In a small study, carried out by the University of Leicester and Imperial College London and funded by Cancer Research UK, researchers showed that the blood test was able to detect 89 per cent of all relapses, on average 8.9 months quicker than imaging.
Breast cancer is the second leading cause of cancer death in women. Approximately 55,000 women are diagnosed with invasive breast cancer every year in the United Kingdom, with 2 million cases estimated worldwide.
While the overall survival rate for breast cancer has improved, relapse remains a problem, with as many as 30% of patients seeing the cancer return within five years.
In the latest study, 49 patients with early-stage breast cancer were recruited from three NHS trusts in the UK (Imperial College Healthcare, The Christie Foundation and University Hospitals of Leicester) who had recently completed treatment with surgery and adjuvant chemotherapy.
The study included a cross section of breast cancer subtypes, including HER2-positive, hormone receptor-positive, and triple-negative. Blood samples were collected every 6 months for up to 4 years from each patient, and results were correlated with radiographic and clinical outcomes.
Signatera, the blood test developed by genetic testing company Natera, uses a molecular residual disease (MRD) assessment to detect even trace amounts of the mutant DNA released from dying tumours, enabling such early detection of relapse.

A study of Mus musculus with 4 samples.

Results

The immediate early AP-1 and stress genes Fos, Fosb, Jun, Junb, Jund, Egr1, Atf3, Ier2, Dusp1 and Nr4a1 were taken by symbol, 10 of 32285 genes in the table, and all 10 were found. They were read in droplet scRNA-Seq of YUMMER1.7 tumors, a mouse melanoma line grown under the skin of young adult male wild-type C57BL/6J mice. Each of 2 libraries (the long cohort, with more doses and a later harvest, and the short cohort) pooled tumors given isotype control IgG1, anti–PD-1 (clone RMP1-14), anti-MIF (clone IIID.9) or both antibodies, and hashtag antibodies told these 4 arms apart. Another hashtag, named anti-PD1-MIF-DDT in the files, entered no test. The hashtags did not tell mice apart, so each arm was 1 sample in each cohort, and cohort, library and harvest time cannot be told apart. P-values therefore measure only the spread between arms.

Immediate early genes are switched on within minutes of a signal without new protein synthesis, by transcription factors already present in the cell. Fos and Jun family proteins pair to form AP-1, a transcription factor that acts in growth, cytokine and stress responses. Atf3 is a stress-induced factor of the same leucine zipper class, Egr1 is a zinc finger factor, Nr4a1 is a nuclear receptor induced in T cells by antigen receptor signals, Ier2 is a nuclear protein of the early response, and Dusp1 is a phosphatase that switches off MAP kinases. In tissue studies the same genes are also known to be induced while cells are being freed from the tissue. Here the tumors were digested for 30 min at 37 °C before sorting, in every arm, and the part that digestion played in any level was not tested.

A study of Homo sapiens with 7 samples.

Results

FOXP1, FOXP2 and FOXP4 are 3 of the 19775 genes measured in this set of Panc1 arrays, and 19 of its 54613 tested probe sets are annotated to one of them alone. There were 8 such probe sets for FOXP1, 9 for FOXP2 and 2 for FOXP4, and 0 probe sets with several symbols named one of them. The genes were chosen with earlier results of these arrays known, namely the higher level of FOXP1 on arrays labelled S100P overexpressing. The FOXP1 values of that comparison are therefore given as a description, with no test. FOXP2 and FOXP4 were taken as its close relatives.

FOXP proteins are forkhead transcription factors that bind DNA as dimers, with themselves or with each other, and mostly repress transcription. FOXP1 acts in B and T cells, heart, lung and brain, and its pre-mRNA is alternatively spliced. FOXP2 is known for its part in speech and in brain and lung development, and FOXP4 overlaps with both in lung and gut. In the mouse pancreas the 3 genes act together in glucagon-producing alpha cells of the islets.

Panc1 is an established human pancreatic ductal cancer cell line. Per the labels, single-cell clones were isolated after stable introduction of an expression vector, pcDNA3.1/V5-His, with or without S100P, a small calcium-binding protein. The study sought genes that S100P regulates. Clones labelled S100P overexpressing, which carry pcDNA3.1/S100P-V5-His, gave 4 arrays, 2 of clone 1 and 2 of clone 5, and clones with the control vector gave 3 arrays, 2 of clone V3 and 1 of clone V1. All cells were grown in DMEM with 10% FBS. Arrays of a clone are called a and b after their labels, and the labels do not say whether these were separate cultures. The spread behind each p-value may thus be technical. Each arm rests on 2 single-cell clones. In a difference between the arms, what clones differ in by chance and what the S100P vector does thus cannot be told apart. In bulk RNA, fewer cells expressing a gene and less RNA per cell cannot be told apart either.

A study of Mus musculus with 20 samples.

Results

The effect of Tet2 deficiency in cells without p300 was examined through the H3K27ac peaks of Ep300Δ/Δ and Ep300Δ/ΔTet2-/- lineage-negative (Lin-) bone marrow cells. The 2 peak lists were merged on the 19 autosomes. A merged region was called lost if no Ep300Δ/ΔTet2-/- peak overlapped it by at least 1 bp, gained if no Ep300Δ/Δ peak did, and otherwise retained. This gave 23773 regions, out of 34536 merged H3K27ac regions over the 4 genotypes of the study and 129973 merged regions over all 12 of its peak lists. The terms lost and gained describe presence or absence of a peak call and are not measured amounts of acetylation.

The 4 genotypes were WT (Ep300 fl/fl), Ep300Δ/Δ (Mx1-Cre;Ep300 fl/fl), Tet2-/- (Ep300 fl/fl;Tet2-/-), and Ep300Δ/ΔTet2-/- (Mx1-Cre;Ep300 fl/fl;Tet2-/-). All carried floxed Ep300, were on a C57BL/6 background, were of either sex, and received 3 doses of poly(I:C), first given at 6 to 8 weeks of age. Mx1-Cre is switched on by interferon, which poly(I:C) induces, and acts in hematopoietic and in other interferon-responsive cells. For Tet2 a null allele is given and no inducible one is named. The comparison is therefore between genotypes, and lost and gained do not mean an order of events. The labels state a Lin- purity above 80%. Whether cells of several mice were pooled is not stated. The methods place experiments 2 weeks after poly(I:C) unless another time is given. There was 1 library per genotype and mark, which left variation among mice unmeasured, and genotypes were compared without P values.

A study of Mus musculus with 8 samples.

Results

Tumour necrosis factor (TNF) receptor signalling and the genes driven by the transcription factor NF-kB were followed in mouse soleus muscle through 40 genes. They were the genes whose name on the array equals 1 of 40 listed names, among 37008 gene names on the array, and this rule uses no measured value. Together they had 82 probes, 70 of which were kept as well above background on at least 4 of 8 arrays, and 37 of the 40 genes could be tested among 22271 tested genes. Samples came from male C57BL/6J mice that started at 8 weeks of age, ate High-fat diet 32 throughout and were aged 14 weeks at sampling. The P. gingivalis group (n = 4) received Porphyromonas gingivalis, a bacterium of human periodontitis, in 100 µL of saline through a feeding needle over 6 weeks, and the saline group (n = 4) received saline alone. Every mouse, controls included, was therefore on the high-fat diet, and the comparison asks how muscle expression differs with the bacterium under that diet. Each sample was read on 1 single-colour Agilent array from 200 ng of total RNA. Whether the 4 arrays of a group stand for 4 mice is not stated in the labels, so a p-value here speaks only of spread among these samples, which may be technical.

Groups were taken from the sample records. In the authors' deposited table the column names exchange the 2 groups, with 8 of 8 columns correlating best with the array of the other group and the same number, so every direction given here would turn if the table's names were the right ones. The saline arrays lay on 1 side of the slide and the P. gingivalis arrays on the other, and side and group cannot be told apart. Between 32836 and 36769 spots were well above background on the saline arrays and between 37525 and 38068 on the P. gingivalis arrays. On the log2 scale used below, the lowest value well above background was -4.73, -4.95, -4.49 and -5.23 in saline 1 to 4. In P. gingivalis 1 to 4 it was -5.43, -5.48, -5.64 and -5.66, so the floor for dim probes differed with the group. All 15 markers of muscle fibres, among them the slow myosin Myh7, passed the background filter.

Professor Jacqui Shaw, Professor of Translational Cancer Research at the University of Leicester, said: “Currently, there are no sensitive and specific clinical tests available to follow breast cancer patients after their primary treatment.
“The results of this exciting study show that it is possible to monitor patients with a simple blood-based test, and this may provide a critical window of opportunity for earlier treatment than by other current tests.”
Professor Charles Coombes, Professor of Medical Oncology at Imperial College London, said: “Standard technologies for the detection of cancer recurrence have always been imprecise. With this innovative method of detecting minimal residual breast cancer, we now have the opportunity to conduct trials of treatments to prevent patients relapsing with symptomatic metastatic breast cancer.”
Dr David Crosby, head of early detection at Cancer Research UK, said: “The initial results of this study are encouraging. Monitoring when breast cancer returns in some patients is an important step in improving survival. Using circulating tumour DNA from a blood test is an emerging and promising method, although it requires further validation. I look forward to seeing the next steps of this research using a larger group of patients.”